Bisphenol A: Is it Gone? What's Next?
Posted April 18, 2008 in Health and the Environment
The dominos are really starting to fall, as major manufacturers and retailers line up to announce that they are removing bisphenol A (BPA) from their products, or are pulling these products from their shelves. Although it’s gratifying to see this happening, it’s my job to always keep a weather-eye on the horizon and to worry about what’s next. Do the announcements by Nalgene and others today really solve the problem?
Not quite yet....
For years, we have been working to painstakingly pull together the science on BPA and to make the case to various regulatory agencies and legislative bodies (mostly unsuccessfully) that they should pay attention to what the science shows. For over a year we have had guidelines on our website telling consumers what they can do to avoid BPA. Meanwhile, studies by the Centers for Disease Control and Prevention (CDC) have showed that almost all Americans have this chemical in their bodies at levels that are likely to be significant. It’s frustrating to look at the science and then to look around you at the world and realize that nobody knows, and the key people don’t seem to care. It’s worse than frustrating when you realize the implications of the science could mean significant health problems ranging from promotion of breast cancer, to abnormalities of reproductive function, to alterations in fat storage in the body (ie. obesity).
When the tipping point finally happens, and BPA becomes a household name, that’s a good thing, because consumers and the public can finally drive agencies such as the EPA to do what they should have done years ago. Better still, companies take action right away when they realize the writing’s really on the wall.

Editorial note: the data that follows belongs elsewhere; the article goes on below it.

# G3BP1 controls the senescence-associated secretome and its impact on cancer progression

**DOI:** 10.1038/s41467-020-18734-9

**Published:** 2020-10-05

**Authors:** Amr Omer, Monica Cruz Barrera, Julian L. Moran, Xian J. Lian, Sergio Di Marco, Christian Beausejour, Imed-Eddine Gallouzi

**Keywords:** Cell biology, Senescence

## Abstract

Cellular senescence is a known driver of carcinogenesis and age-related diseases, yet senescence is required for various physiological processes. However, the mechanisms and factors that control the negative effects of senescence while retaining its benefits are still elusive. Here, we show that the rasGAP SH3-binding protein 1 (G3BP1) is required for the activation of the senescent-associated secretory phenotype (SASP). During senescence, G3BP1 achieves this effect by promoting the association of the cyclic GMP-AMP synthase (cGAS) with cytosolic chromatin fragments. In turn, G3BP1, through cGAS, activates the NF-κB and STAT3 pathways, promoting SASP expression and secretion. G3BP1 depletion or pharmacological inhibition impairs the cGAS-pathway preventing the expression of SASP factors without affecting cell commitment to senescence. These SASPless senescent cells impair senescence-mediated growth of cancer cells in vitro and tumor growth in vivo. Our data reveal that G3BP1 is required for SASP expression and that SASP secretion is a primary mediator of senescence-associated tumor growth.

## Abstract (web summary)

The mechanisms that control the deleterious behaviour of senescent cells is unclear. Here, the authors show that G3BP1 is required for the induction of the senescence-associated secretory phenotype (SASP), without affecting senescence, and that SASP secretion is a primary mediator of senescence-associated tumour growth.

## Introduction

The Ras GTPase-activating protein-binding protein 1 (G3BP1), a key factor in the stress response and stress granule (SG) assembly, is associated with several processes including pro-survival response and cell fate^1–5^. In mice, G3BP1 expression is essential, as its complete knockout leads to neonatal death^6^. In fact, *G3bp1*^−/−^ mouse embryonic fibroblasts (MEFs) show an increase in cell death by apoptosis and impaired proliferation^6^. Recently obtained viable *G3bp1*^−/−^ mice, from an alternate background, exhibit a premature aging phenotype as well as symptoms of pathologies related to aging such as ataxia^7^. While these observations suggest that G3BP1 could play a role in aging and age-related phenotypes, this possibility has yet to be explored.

There are two remaining problems that I’m worrying about today. One is that what is probably the biggest source of BPA seems to be entrenched and isn’t making a change, and the other is that we need to be wary of moving from the devil we know to the devil we don’t.
Some studies suggest that the biggest exposures to BPA come from eating canned food and drinking canned beverages. If you open a can of tomato sauce, empty it out, and peer inside, you’ll see a beige material lining the inside of the can. This stuff is a polycarbonate resin that’s designed to help prevent the metallic taste from the can from getting into the food. Since BPA imparts no flavor, it’s a great choice as the building block of this lining – except for the inconvenient fact that it’s toxic. Take a flashlight and peer deep within a soda can; you’ll see the same beige lining. Yet the canned food industry says they haven’t found an alternative yet, so the consumer will have to wait. Or maybe not...since we can buy our tomato sauce in glass jars or cardboard boxes and our vegetables frozen.
A while ago, the Sigg company removed the BPA lining from their nifty stainless steel water bottles. They were ahead of the curve and deserve special praise for their foresight. We withheld our praise, however, when they refused to disclose what chemicals they were using instead. Nalgene’s announcement today garnered lots of public attention, but my attention went to their “Tritan copolyester”, with questions about what’s in it. Camelbak has similarly announced their “genderbender free” bottles (love the name!) without disclosure of ingredients.
The real issue here is that two principles need to be put into place in the consumer marketplace:
- First, chemicals that go into consumer products need to be tested for safety before they are put in the products, so we don’t have to wait for years before we discover that a chemical’s a problem.
- Second, consumer products should all be required to list ingredients. That way, scientists like me can evaluate what’s in things and whether they’re safe, and the informed public can read the label if they want to avoid any particular ingredients.
We’ve got labeling on food, why can’t we do it with other consumer products?